It’s the 19th of June: Juneteenth. 156 years of celebration, but the difference this year is vast: Juneteenth was officially designated a federal holiday in the United States in legislation signed into law by President Biden this past Thursday. When I heard the news, I was nothing short of amazed: I’d been busy with work and somewhat disconnected from the world and had no idea that this was in the works. I was elated. I thought immediately of Ms. Opal Lee in Fort Worth, Texas––a place that folks often confuse with my town of Lake Worth. For years and years, Opal Lee, now 94 years old, has been fighting to make Juneteenth a national holiday… and it just made me beam to think that she saw it happen. I’m still beaming.
The holiday was barely known outside of Texas for decades, but perhaps now, we will all learn the story. Its roots lie in the Emancipation Proclamation, two years into the Civil War. The Proclamation, on the First of January, 1863, freed “all enslaved people in the states currently engaged in rebellion against the Union.” Soldiers of the Union Army made their way across the cities and plantations of the South, reading the Proclamation and spreading the news. In places still under Confederate control, though, the news would take longer to spread. Emancipation Day here in Florida, for instance, came on May 20, 1865, when the news was read in Tallahassee, eleven days after the war had ended.
In Texas, the westernmost Confederate State, Emancipation came a month later. Union troops arrived on Galveston Island on the 18th of June and the next day, June 19, 1865, Union General Gordon Granger read this proclamation from a Galveston balcony:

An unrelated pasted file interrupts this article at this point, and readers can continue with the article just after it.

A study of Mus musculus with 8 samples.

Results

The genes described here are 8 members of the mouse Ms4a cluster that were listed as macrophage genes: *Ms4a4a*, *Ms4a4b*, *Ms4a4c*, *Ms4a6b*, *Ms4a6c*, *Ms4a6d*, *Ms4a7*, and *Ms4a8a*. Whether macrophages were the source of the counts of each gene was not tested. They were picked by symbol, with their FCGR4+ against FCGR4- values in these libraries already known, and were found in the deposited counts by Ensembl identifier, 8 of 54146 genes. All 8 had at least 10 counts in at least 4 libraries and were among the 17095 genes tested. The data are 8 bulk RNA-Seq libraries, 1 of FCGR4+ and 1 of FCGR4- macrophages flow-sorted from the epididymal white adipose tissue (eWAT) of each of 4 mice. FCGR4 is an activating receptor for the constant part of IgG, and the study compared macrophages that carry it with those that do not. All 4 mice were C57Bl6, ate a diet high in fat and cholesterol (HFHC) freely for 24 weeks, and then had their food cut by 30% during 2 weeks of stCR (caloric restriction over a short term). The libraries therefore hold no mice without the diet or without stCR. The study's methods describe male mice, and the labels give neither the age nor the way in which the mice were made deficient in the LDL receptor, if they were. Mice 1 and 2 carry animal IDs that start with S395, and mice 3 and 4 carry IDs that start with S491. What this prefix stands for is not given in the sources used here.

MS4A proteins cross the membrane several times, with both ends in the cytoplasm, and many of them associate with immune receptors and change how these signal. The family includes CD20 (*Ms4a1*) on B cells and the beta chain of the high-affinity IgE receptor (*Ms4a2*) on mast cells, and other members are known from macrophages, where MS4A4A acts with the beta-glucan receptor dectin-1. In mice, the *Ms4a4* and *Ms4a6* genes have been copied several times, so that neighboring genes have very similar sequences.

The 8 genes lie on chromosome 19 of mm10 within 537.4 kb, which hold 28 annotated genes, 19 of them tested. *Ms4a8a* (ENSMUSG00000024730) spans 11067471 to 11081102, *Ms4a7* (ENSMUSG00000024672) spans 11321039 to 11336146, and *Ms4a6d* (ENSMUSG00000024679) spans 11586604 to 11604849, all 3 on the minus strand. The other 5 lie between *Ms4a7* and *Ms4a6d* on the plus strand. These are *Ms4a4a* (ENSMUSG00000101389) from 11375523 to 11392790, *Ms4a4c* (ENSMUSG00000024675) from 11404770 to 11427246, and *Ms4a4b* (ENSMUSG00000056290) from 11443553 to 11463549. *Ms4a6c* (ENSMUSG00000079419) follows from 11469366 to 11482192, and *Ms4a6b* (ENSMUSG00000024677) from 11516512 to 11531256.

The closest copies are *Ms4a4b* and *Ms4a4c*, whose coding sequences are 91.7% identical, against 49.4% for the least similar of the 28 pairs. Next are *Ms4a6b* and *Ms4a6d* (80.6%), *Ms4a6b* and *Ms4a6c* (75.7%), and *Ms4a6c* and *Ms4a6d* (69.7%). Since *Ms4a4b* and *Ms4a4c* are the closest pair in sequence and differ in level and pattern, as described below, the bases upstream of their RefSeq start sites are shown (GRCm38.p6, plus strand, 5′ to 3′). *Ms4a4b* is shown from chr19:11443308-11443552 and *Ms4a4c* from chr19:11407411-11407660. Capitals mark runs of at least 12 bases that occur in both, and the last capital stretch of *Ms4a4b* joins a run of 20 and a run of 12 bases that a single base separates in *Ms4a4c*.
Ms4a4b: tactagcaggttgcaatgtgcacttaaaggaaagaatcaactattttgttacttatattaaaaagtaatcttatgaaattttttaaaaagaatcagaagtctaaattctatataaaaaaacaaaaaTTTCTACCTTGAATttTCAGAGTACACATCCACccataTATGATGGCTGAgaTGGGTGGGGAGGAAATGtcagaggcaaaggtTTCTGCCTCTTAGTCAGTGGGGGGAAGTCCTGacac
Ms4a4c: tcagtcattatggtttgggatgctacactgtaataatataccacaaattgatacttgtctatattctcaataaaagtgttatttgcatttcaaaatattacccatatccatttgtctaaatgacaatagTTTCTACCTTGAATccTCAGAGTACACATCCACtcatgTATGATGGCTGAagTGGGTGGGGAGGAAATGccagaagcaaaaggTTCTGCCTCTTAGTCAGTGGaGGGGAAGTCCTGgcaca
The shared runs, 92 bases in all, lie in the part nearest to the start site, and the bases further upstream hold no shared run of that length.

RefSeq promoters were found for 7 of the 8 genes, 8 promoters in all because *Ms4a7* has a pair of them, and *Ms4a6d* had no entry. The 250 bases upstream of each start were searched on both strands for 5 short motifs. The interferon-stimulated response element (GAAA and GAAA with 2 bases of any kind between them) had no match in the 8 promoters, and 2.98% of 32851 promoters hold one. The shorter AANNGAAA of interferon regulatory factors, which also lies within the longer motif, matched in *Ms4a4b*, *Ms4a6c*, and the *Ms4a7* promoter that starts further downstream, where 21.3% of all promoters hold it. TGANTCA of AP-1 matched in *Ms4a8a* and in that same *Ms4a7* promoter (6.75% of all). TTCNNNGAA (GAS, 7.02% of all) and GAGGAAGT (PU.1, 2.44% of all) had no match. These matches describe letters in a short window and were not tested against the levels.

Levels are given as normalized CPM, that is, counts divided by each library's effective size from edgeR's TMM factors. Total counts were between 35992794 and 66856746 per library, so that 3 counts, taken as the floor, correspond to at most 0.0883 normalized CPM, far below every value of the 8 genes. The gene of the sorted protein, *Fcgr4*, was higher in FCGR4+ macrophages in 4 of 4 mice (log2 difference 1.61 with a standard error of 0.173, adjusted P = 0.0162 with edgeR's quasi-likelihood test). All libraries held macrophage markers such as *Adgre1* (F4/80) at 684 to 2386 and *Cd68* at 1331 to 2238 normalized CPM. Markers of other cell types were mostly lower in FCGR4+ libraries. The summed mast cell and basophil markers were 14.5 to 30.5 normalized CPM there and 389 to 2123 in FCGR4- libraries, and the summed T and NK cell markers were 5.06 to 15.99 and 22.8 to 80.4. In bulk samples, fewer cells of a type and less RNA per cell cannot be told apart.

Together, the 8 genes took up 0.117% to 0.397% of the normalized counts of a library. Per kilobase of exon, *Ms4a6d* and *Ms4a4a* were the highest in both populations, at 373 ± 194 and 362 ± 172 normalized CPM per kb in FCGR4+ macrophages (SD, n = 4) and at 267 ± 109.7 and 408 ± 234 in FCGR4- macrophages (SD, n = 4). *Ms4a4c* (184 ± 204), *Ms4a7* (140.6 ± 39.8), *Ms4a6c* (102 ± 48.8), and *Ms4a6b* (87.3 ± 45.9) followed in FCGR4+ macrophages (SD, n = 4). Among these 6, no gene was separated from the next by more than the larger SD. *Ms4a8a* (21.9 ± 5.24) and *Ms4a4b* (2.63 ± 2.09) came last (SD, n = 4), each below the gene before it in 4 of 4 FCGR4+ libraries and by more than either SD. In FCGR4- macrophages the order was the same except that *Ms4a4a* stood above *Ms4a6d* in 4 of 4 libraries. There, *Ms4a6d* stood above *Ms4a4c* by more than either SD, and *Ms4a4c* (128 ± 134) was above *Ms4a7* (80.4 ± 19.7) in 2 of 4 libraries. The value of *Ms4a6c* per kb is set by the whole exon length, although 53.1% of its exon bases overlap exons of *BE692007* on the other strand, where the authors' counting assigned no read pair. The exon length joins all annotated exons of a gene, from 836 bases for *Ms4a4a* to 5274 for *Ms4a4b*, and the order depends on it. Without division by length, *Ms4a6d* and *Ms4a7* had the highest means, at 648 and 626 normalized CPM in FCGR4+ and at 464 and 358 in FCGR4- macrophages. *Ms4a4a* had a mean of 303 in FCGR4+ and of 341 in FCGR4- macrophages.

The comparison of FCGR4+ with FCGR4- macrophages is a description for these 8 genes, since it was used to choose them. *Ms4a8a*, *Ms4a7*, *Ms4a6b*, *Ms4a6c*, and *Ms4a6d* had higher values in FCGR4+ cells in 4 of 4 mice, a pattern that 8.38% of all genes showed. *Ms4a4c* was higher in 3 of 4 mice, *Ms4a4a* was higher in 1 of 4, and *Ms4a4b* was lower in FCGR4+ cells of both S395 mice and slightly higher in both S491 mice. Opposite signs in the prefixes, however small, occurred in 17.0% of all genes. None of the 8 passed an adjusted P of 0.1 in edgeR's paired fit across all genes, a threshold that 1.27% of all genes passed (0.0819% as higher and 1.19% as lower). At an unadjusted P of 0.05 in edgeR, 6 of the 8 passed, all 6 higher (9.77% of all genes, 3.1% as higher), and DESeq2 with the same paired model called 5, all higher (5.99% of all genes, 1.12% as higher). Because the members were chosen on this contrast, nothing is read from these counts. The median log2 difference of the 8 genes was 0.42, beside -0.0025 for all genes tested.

The people of Texas are informed that, in accordance with a proclamation from the Executive of the United States, all slaves are free. This involves an absolute equality of personal rights and rights of property between former masters and slaves, and the connection heretofore existing between them becomes that between employer and hired labor. The freedmen are advised to remain quietly at their present homes and work for wages. They are informed that they will not be allowed to collect at military posts and that they will not be supported in idleness either there or elsewhere.
Newly emancipated slaves rejoiced right there in the streets of Galveston. By the year that followed that original proclamation in Galveston, Juneteenth celebrations were sprouting up all over Texas and continued spreading, mostly among African American communities, throughout the country. These earliest Juneteenth celebrations brought folks out in their finest clothes for parades and barbecue and music, perhaps just like the Emancipation Day Celebration Band in the photograph above, from a Juneteenth celebration in Texas in 1900. Juneteenth has since become a celebration of hard-earned freedoms, and a celebration of African-American culture. A day for family and friends to gather, a day to share stories, and to learn. And now, a national holiday. I still can’t believe it’s happened. The road getting here has never been easy, and so it is as well a day to reassure each other against adversity and challenge. The fact that the road is still being forged is all too evident these days, as we continue to work through our troubled history and find paths forward, paths toward true equality, and toward the elimination of racism at levels to which society seems at times blind. We all could do with a reassessment. We all have lots to learn, but here is Juneteenth, another shot at making things right. If it helps, think of Juneteenth as this country’s second independence day. This year, especially: Happy Juneteenth.
Image: “Emancipation Day Celebration Band, June 19, 1900, Texas USA” by Mrs. Charles Stephenson (Grace Murray). Photograph, 1900 [Public domain] via Wikimedia Commons. A hearty Thank You to my friend Kianga Jinaki; I never knew about Florida’s Emancipation Day until I learnt about it from her this past spring.